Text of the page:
11/29/2012 04:54 pm ET

Truancy In Rochester, New Hampshire, Could Lead To Criminal Charges For Parents

When students play hooky in Rochester, N.H., their parents could be the ones getting a tarnished permanent record.

Rochester police have announced that beginning Jan. 1, parents could face criminal charges or hefty fines of up to $1,000 if their children are chronically late or absent from school. The city will also offer a "diversion program" if parents do not want to pay the fine or take the case to court. The district and police department will be issuing the first summons to parents of children who have missed 15 days or more.

"If we get to the point where we don't have to charge anyone, that would be our ultimate goal -- that these parents are just getting their kids to school and that these kids are getting an education," Rochester Police Capt. Paul Toussaint told WGME.

The Foster's Daily Democrat reports that in just the first two and a half months of school, 531 of the district's 4,000 students have been absent 5 to 9.5 days. Another 108 have missed 10 to 14.5 days and 88 were absent more than 15 times.

Rochester Schools Superintendent Michael Hopkins tells Fox 25 that while parents play a large role in young students' tardiness and absence from school, high schoolers have been affected by the state's decision to keep students in school longer by raising the dropout age to 18.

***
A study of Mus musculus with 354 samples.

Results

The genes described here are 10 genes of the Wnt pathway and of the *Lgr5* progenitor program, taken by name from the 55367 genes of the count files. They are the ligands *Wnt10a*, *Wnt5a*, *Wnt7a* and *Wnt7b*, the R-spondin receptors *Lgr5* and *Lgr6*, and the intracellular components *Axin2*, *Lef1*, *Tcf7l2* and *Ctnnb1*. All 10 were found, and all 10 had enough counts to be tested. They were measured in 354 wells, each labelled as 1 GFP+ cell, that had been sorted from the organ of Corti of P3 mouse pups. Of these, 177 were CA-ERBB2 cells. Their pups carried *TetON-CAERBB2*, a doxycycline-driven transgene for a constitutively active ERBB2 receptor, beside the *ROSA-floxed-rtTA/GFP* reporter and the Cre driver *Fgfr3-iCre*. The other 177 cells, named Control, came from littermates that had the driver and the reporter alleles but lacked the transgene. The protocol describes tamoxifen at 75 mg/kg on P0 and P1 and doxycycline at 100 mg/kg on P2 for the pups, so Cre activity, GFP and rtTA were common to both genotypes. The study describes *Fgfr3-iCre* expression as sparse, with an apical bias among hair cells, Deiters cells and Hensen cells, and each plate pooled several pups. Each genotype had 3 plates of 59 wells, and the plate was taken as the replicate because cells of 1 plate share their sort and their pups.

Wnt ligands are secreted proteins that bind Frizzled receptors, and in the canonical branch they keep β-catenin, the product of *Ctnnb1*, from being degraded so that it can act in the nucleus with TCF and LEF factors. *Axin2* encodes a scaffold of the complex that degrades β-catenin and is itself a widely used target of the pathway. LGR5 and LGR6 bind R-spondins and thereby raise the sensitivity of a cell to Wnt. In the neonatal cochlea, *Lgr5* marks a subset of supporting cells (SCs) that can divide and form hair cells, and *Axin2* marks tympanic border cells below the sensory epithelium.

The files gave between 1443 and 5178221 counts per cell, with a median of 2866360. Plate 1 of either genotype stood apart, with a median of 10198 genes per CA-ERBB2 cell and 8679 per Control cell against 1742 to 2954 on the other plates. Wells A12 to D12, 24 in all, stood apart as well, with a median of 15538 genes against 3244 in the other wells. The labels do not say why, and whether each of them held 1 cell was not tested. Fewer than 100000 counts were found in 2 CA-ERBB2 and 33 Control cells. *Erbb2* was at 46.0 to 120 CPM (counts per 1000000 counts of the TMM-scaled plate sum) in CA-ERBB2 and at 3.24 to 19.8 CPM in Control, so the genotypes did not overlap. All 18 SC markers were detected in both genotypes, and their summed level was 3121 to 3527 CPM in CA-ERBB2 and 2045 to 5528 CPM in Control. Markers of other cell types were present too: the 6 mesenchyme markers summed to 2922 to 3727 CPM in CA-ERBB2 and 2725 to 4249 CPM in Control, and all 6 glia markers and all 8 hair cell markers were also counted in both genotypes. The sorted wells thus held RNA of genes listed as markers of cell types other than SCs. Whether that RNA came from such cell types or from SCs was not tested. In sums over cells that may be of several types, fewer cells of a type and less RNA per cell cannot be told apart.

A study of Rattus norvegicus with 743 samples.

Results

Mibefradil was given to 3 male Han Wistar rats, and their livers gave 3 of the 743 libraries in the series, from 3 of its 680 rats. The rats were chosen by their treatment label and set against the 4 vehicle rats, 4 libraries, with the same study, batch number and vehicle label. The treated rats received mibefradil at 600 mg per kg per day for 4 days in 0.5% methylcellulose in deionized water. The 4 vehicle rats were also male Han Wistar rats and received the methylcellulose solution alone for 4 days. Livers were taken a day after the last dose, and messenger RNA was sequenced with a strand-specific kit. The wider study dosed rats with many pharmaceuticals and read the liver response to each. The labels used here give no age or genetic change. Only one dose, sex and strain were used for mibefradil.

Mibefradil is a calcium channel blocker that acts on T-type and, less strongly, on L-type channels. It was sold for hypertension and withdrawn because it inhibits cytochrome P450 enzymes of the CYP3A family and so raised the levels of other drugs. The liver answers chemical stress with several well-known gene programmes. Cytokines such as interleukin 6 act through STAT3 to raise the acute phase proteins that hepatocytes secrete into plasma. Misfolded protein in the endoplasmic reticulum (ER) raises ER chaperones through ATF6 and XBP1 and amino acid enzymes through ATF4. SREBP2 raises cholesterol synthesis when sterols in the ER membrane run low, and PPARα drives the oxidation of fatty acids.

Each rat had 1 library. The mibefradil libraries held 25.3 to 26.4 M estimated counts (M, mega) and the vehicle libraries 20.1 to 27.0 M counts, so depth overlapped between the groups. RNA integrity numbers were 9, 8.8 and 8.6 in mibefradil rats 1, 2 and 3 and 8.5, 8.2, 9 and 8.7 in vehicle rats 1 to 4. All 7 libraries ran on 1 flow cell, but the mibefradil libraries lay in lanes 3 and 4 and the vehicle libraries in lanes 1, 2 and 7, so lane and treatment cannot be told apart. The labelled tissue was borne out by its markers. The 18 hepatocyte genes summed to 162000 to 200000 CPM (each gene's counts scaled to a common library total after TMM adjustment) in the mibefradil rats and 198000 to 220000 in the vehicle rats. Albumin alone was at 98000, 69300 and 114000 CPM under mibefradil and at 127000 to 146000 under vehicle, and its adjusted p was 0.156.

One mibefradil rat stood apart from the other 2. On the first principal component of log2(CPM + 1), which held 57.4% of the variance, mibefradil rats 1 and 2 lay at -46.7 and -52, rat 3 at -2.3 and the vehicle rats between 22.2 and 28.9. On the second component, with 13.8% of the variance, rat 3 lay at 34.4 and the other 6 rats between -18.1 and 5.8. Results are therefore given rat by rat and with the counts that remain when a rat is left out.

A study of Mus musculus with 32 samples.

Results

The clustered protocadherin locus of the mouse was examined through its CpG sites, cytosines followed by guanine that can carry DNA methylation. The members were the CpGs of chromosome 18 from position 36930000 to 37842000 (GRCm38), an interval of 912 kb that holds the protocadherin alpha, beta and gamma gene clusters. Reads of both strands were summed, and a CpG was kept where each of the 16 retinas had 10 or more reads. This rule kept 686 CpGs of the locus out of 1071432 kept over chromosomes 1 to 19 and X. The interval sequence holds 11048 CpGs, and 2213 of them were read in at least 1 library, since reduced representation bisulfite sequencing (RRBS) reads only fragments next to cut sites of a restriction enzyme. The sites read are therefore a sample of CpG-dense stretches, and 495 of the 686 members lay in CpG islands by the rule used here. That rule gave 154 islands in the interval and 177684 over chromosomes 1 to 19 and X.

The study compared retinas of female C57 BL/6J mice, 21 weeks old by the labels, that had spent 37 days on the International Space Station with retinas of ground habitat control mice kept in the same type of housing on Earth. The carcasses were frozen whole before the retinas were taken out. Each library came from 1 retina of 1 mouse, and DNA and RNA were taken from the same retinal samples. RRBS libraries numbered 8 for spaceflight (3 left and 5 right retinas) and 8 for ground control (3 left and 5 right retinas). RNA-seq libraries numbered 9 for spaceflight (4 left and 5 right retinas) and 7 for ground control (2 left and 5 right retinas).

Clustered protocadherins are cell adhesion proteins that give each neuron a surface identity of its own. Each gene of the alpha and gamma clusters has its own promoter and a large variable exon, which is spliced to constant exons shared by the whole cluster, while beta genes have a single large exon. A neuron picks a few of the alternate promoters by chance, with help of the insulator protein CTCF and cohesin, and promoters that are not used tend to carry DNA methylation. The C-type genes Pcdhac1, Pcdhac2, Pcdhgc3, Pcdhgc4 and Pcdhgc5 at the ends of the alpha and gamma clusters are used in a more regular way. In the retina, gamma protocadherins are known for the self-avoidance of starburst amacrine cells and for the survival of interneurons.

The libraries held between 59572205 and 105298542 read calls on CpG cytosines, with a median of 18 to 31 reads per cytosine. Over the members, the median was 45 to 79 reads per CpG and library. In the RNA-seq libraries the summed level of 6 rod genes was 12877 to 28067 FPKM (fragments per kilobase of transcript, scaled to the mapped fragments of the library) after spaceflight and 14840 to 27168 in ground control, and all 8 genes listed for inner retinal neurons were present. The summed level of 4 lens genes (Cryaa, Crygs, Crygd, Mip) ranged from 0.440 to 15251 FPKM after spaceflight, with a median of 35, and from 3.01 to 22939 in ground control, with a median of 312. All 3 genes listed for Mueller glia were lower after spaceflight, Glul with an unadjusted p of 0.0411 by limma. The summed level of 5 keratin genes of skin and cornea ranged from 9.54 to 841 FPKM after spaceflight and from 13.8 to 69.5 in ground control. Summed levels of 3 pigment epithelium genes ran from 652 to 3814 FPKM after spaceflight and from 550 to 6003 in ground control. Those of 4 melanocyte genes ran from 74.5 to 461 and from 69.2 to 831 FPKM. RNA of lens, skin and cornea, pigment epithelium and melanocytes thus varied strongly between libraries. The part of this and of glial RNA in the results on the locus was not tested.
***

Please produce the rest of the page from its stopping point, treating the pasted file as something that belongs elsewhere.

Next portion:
"I really think it's just harder for everyone to realize how important it is to show up -- just like showing up for work," Hopkins told the station. "I think there's more absenteeism in work."

District and city officials stress that the program aims to raise awareness and improve student opportunities, not to penalize residents. Students who are absent quickly fall behind in their academics, and those who are chronically tardy slow down the entire class when teachers are forced to backtrack on lessons.

"We're trying to make a point," Rochester Police Det. Prosecutor Steve Gahan told Foster's Daily Democrat. "If this deterrent effect works and it minimizes bad behavior from other students, and bad parents, that's what we want. We don't want people to get criminal records. We don't want people to pay $1,000 fines."

Absent and truant students are beginning to cost schools so much that some have started to impose strict, and sometimes unforgiving, punitive measures for those who miss school. In perhaps one of the more extreme cases, 17-year-old honor student Diane Tran was forced to spend the night in jail in May after missing too many classes from Willis High School in Texas. The 11th-grader works two jobs to help support two siblings and is sometimes too tired to go to school.

Texas school districts are, by law, permitted to refer a student to juvenile court if he or she has amassed 10 or more unexcused absences within six months.

A law in Florida has parents facing up to two months in jail if their children are chronically absent. Under the law, parents can be charged with truancy if their child between the ages of 6 and 16 has accumulated 15 or more unexcused absences over a period of three months.

Truancy fines proposed in Los Angeles saw significant backlash after it was revealed students could be charged $250 to $800 for being late or absent.

Student attendance is critical to how a number of school districts receive state funding. Districts in Michigan, for example, urge students to show up to school on the two "count days" each year, on which the per-pupil funding allowance is determined from attendance.